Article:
Viewer is moving to multi screens, so should content
A distinguished panel of experts at ad:tech 2014 discusses the multi-screen phenomena and whether mobile will grow at the cost of bigger screens
While the move from PC to laptop to mobile took some time, the transition from mobile to tablets and then to ‘phablets’ happened rapidly. The viewer is now present at all screens simultaneously, and it thus becomes important that content moves likewise.
These and several other trends related to the rise of multi screens were discussed by a panel of expert speakers at ad:tech 2014. They wereGurmit Singh, VP & MD, Yahoo India; Tarun Malik, Director &Head- Media &Cloud Services, South-west Asia, Samsung; Shubodip Pal, CMO, Micromax India; NiteshKripalani, EVP- New Media, BD &Digital, Sony Entertainment Television; Sandeep Aurora, Director- Marketing &Market Development, Intel South Asia. The session was moderated by SanjeevKapur, CMO & Head- customer franchise management, Citi (India).
Screen-agnostic is not the buzzword anymore since consumers are omnipresent on all screens simultaneously and seamlessly. It is thus a huge challenge for marketers to keep up with them and give them the customised content for each screen. “There has to be continuity and consistency in content across screens,” opined Gurmit Singh. He said that it wasn’t until the London Olympics that multi-screen happened on a large scale with measurability as well. He also stated that though the consumer is moving from one screen to another, as of now a huge majority of companies don’t have mobile content to offer to the consumer.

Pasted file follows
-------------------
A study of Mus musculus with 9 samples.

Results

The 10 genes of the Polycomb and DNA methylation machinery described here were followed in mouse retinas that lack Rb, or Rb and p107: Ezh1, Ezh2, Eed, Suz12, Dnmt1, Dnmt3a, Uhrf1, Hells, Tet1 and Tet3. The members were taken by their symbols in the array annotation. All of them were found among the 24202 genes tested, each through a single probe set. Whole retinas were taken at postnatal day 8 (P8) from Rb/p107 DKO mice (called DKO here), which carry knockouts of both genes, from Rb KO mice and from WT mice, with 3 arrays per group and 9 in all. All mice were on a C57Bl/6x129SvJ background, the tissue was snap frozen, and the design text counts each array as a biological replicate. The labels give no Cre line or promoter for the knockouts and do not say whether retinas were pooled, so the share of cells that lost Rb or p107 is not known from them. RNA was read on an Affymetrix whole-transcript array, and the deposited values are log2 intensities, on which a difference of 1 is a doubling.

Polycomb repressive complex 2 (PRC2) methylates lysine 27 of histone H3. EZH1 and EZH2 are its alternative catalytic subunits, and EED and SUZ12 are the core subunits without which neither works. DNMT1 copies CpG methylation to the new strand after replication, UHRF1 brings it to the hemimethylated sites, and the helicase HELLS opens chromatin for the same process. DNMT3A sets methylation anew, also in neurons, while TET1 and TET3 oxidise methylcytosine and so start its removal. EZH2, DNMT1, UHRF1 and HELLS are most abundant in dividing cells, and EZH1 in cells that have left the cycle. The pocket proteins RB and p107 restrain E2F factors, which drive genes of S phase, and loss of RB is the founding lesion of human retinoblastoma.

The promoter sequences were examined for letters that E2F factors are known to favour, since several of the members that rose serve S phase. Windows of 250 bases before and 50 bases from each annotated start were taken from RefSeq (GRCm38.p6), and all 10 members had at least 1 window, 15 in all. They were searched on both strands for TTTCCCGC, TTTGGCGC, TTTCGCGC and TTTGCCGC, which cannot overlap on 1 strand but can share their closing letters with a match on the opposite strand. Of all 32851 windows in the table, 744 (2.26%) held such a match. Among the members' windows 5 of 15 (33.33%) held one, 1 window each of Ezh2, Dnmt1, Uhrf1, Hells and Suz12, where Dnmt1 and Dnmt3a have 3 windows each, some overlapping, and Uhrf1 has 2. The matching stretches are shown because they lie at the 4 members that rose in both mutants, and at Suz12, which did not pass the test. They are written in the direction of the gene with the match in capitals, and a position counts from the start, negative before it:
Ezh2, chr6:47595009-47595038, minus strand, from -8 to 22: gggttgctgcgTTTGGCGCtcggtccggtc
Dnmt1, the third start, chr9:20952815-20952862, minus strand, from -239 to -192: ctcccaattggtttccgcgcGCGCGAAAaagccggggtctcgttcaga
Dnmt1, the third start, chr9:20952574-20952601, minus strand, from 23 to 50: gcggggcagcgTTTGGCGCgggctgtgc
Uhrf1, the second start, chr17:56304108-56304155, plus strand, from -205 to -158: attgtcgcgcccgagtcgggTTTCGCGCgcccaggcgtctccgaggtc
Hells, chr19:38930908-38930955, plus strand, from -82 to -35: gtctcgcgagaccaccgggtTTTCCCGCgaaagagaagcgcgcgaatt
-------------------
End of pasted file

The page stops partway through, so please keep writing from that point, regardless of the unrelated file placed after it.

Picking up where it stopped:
NiteshKripalani pointed out that to take advantage of this particular consumer behavior of multi-screen indulgence, real-time feedback is very crucial. “Take real-time feedback and take instant corrective measures,” he said. He added that the consumer will always be inclined to use the screen closest and most convenient to him, which is almost always the mobile.
Despite knowing that mobile is the screen to be at, most companies are not investing enough in content and distribution on the medium? Shubhdip Pal stated that it’s the ROI factor. “ROI is the biggest challenge in mobile and thus marketers shy away from it,” he said. He added that ROI should not be a governing factor and since all screens complement each other, marketers need to learn to use and leverage each screen to their own advantage.
The panel opined that there isn’t much time to ponder on issues like ROI or how much money to put on which screen since soon a new challenge will come to the fore. “The next big challenge would be attention span of audience on all these screens,” said Sandeep Aurora. He said the basis of all money to be invested should be the consuming pattern. Marketers need to observe how people are consuming content and work accordingly. From every angle, mobile seems to rule the consumer mind. Singh pointed out that our consumption patterns have changed drastically as have our daily habits. “We look at our mobile phones first thing after waking up. That is a drastic lifestyle change and marketers need to take it into account,” he added.
The panel was divided on whether TV as a screen is now in its last stages and whether mobile will not only supersede it, but make it redundant. Aurora said that is not going to happen. “Mobile might be taking over some forms of communication, but the larger screen would always be required. Even as habits are changing, they will not be completely shifting,” he stated.
The panel unanimously agreed that it’s only a matter of time when mobile-first strategy will be adopted by content creators and brands alike. The panel was speaking at ad:tech 2014 held in New Delhi on 21st March 2014.